Not always so simple and convienient as you indicate. I agree with you for a
device witha few tens of pins. But, for example, for a programmable device with
several hundred pins it's a lot of tedious extra work for every user of the
device. A lack of a proper pin list is just a lazy supplier's way of avoiding
the same distasteful, resource consuming task their customers would find more
cost effective if it were just figured into the price of the part.
IBIS itself offers no real sanctions for non-compliance with any of its
provisions. When the JEDEC committee tried laying down the law to suppliers they
were quickly rendered irrelevant with the use of "supplier controlled,
non-registered data sheets." Talk about a license to do anything at any time to
your product with warning or data.
I still haven't figured out what the disclaimer "Data is for modeling purposes
only - - - use at own risk - - - not guaranteed," etc. Just what do suppiers
think I should do to proceed with my design, improve its insensitivity to normal
process variation, not overstress it, etc.?
I don't get it. I thought that IBIS was an agreement between semiconductor
supplier and software suppliers to provide an improved means for exchanging data
with their customers so that they could all suceed together. How do half-assed
pin list help that objective?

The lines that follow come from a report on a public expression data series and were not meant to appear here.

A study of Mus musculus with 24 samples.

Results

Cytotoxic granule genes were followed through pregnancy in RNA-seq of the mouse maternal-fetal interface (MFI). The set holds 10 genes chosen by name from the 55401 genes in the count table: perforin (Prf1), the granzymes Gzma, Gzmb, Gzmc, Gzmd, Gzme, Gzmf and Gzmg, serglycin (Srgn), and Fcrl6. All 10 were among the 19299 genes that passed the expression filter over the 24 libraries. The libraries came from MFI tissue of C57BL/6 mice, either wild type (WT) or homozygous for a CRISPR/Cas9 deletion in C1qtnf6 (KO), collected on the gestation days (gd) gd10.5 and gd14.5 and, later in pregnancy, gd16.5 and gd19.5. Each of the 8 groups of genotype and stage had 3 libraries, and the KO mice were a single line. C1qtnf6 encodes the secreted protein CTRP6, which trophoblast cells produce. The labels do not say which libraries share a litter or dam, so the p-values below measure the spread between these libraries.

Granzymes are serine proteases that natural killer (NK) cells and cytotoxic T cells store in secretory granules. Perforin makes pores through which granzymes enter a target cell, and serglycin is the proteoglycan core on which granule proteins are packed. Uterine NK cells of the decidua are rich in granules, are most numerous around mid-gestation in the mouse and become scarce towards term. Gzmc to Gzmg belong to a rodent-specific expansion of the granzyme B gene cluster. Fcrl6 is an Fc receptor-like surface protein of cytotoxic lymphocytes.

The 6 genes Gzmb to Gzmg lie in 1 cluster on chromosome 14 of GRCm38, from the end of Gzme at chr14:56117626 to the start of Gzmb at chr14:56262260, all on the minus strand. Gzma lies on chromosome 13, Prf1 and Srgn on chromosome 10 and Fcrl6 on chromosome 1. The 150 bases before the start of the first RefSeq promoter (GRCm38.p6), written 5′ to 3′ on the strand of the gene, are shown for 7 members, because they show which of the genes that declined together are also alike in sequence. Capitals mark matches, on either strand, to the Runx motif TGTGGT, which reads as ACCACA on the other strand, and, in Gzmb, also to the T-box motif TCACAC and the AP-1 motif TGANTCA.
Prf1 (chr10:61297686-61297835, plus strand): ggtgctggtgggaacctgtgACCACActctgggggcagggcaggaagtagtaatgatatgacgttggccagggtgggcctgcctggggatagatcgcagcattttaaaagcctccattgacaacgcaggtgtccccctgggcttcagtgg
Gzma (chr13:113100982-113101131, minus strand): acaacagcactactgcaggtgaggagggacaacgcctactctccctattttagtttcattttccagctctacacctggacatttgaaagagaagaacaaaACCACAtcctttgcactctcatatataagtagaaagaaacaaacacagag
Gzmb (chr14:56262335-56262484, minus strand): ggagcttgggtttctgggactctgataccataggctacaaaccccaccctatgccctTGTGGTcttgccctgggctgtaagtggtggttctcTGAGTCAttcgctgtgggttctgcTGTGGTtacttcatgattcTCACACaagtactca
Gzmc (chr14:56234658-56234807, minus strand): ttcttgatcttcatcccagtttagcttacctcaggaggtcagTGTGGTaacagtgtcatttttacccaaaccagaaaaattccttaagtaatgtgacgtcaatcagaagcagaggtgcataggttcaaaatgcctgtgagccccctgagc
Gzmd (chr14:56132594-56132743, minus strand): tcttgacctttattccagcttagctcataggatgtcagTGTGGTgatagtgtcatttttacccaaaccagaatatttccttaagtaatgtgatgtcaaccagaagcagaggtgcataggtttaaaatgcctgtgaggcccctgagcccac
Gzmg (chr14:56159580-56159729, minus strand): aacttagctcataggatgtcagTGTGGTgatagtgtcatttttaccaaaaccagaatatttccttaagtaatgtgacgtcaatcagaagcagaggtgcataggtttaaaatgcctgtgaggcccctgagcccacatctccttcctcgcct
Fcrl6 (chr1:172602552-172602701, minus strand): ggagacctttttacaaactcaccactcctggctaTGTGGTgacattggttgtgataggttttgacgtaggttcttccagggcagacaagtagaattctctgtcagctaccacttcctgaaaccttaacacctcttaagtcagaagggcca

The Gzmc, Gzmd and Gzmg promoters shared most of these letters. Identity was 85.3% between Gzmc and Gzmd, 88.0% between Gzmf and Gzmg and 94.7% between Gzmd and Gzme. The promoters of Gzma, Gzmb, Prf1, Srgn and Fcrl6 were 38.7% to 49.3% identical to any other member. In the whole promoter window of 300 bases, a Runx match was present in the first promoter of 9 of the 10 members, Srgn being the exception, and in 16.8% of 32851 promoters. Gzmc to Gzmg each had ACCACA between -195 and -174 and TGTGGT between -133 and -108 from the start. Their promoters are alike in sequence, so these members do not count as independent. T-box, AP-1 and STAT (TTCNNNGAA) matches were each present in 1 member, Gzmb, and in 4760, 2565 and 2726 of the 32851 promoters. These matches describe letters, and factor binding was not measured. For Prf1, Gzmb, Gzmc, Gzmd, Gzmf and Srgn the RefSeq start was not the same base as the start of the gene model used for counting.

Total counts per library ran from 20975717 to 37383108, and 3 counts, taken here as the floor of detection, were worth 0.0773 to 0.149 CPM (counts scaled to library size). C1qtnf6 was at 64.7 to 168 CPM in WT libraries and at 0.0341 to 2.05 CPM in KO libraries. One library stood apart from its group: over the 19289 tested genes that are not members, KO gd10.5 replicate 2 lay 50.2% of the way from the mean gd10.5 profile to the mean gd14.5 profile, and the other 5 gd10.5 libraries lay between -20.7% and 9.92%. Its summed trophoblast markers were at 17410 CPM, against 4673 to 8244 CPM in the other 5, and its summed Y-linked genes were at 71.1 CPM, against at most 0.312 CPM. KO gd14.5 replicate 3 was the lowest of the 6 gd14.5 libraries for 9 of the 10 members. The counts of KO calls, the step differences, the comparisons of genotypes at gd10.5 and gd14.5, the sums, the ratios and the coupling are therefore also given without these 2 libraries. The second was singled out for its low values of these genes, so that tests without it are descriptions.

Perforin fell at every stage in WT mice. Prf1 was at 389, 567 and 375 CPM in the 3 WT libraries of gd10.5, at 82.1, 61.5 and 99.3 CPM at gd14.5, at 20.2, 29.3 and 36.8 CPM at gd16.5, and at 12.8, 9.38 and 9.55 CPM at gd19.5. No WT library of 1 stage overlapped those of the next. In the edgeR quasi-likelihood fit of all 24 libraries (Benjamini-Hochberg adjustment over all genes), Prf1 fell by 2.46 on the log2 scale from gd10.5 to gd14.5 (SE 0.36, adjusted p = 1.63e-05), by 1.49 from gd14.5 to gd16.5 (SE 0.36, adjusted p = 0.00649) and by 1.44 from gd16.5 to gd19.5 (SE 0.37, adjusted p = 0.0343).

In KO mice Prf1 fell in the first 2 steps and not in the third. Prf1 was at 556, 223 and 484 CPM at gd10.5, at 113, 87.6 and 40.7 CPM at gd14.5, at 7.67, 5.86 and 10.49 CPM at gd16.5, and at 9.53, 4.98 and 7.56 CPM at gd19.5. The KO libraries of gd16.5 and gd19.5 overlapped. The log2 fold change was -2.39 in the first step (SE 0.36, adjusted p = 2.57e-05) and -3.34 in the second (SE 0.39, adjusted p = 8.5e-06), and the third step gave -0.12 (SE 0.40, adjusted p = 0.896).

Abe Riazi <email@example.com> on 08/28/99 11:30:01 AM
Please respond to firstname.lastname@example.org
Sent by: Abe Riazi <email@example.com>
To: "'si-list @silab.eng.sun.com'" <firstname.lastname@example.org>
cc: (Roy Leventhal/MW/US/3Com)
Subject: RE: [SI-LIST] : IBIS models
>Mike Mayer Wrote:
>I have found several IBIS models that use the [Pin] keyword but only
>model a couple of pins. For example, an octal buffer in a 20-pin
>package that only includes statements for one buffer input pin, one
>buffer output pin, Vcc and Gnd. My reading of the IBIS spec would say
>that this is non-compliant. In Section 5 under "Usage Rules" for the
>[Pin] keyword the first sentence states "All pins on a component must
>1) Am I correctly interpreting the IBIS specification?
>2) How common are models of this type?
What you have described is one of the most common types of model
deficiency I have observed in IBIS models. however, in many cases it is
quite simple to fix this kind of model defect. Frequently, all that is
required to complete the pin mapping section of the model is the
datasheet of the device and an ASCII file editor.